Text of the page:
Charts, Graphs, Maps
Preparing Charts and Graphs
Typically, charts and graphs are printed in books at sizes ranging from 3” x 3” to 4” x 7”. However, most people create their drawings at a larger size. This means drawing will have to be reduced to fit within the dimensions of the book. The relationship between font size, rule weight, and final printed size should be considered when creating drawings. See Exhibit A for an example of acceptable figure layouts.
– One consistent line weight is preferred, but use no more than two rule sizes.
– Use one font point size throughout the figure. If two sizes are used, they should vary from each other only slightly, for instance, 10 pt and 12 pt, as opposed to 10 pt and 18 pt.
– Font styles should be used sparingly. In most cases, there is no reason to use bold or italic.
– Do not use all CAPS as this decreases overall legibility.
– Use tints sparingly and only if you are submitting digital originals using one of the recommended software programs listed below. Use solid black and white where possible. Tint variations that are not easily distinguishable from each other may confuse the reader. Use 20%, 50%, and 80% tint values.
– Patterns: If you are submitting laser prints and areas of a figure need to be distinguished with more variation than solid black and white allow, then patterns should be used. Do not submit laser prints that include tints.
We strongly recommend that all maps be prepared by a professional cartographer and that they be coordinated to match a book’s design.
**Anticipating the Effects of Reduction**
1. The minimum rule size should be no smaller than 1 pt in the large original.
2. Maximum rule size should be no larger than 2 pts in the large original.
If you are working with oversized art, reduce your printouts by 50% to ensure that the fonts will be easily readable when sized for a book page. Refer to Exhibit B to see how these combined principled can affect a chart’s clarity.
How to Submit Your Final Art
Many of the programs used to create chats and graphs, such as Microsoft Word, PowerPoint, and Excel, cannot output valid postscript files. These programs are meant for more limited use in presentations or for output via desktop printers. However, prints from these applications may be submitted and scanned successfully if these basic guidelines are adhered to:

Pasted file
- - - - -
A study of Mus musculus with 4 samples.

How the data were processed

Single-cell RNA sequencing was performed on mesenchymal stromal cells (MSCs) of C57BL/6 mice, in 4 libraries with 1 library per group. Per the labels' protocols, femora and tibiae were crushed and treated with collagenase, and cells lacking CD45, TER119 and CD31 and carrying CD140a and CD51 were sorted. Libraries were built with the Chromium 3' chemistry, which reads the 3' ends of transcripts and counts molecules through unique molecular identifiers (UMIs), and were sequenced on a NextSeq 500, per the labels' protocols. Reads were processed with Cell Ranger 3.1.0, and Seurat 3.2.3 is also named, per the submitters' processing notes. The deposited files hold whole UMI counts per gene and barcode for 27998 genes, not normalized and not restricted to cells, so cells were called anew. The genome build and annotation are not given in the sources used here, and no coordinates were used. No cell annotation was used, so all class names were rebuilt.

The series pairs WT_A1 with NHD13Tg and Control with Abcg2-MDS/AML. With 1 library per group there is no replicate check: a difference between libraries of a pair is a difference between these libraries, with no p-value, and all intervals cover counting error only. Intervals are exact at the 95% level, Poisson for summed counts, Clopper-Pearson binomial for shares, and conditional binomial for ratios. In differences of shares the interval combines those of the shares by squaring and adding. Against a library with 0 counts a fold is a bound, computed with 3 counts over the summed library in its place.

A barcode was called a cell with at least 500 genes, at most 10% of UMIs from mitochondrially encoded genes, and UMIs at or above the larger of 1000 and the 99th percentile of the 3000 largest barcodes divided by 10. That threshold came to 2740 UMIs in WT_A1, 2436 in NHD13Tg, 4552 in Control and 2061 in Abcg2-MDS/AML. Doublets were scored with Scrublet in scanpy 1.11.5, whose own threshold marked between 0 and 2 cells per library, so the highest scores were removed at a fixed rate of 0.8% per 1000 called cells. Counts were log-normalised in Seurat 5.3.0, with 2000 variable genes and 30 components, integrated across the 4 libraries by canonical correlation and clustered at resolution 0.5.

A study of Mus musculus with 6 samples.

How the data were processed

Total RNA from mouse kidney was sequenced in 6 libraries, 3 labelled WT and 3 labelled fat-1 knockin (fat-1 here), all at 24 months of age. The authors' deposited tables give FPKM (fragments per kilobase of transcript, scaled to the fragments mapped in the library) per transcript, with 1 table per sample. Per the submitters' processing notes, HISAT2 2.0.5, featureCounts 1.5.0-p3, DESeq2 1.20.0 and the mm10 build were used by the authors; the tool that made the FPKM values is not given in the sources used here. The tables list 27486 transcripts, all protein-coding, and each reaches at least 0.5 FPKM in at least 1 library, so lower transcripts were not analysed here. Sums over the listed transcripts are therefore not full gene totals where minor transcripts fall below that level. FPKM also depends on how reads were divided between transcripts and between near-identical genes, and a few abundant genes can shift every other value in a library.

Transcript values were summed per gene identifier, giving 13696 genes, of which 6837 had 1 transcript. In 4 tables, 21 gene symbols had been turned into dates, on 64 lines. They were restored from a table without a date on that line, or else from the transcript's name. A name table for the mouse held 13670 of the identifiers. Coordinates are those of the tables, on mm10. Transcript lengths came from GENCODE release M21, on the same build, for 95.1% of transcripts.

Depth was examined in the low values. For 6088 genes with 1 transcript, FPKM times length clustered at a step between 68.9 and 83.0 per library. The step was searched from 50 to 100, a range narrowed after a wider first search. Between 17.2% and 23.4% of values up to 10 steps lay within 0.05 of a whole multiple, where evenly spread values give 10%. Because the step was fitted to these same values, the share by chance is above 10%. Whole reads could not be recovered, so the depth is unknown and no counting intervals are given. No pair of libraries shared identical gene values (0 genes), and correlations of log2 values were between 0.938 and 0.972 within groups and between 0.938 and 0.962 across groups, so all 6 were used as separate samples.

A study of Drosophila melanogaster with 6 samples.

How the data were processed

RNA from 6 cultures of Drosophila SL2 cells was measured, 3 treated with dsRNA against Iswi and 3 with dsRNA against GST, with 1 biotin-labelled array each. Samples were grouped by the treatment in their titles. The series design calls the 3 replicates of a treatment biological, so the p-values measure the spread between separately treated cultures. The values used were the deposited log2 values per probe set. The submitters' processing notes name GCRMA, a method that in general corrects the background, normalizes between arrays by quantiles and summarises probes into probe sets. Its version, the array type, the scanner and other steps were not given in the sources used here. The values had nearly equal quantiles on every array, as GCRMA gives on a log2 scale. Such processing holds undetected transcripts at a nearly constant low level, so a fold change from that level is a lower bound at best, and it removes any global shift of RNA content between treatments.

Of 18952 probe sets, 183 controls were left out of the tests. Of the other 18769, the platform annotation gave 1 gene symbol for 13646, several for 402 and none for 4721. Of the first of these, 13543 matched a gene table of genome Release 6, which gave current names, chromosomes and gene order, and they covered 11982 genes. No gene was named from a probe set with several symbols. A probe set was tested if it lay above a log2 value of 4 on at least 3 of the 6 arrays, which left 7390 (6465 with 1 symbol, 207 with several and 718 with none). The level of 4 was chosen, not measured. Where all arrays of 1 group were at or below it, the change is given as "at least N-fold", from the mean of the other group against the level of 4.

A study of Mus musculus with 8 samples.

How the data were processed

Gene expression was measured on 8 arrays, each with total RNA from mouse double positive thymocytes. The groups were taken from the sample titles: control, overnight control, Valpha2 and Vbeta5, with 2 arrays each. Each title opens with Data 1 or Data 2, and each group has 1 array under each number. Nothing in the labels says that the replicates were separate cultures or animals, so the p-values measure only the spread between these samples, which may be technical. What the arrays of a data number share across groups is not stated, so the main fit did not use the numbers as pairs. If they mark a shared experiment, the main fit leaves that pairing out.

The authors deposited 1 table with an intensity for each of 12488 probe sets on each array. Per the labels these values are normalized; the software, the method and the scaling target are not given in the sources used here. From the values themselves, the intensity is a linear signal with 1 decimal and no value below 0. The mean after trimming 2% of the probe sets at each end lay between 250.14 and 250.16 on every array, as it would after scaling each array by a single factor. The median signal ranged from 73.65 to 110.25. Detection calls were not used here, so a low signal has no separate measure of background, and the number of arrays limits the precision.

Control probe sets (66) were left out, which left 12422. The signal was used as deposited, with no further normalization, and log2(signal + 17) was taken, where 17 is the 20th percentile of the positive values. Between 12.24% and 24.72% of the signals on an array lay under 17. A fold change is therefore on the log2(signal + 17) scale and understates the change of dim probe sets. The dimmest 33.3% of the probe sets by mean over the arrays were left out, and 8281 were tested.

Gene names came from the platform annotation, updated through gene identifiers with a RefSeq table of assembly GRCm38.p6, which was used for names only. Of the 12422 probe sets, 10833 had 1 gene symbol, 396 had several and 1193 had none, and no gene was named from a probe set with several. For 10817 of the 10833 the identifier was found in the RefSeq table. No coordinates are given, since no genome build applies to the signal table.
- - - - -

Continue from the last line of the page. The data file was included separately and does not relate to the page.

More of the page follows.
– Follow the rules of proportion and style as indicated in the section above.
– Provide printouts on smooth, bright white laser paper.
– Set the resolution of the laser printer at a minimum of 60dpi.
– Use patterns instead of tints to distinguish different areas (see item 6 in the style section above).
– Label all figures clearly.
Digital files are acceptable if they have been created in one of the following programs: Adobe Illustrator, Macromedia Freehand, or CorelDraw. These guidelines should be adhered to:
– Follow the ruls of proportion and style as indicated in the section above.
– Include all fonts used in digital drawings with your submission.
– Include all images placed within digital drawings with your submission.
– Save digital drawings in the eps file format.
– Include laser prints of all digital image files with your submission.
Postscript: An Adobe programming language used to describe pages, graphics, and fonts. Postscript tells output devices how to render data as pages.
EPS file: An abbreviation for encapsulated postscript file, which is a type of file used to encode graphics so they can be embedded in a larger postscript file.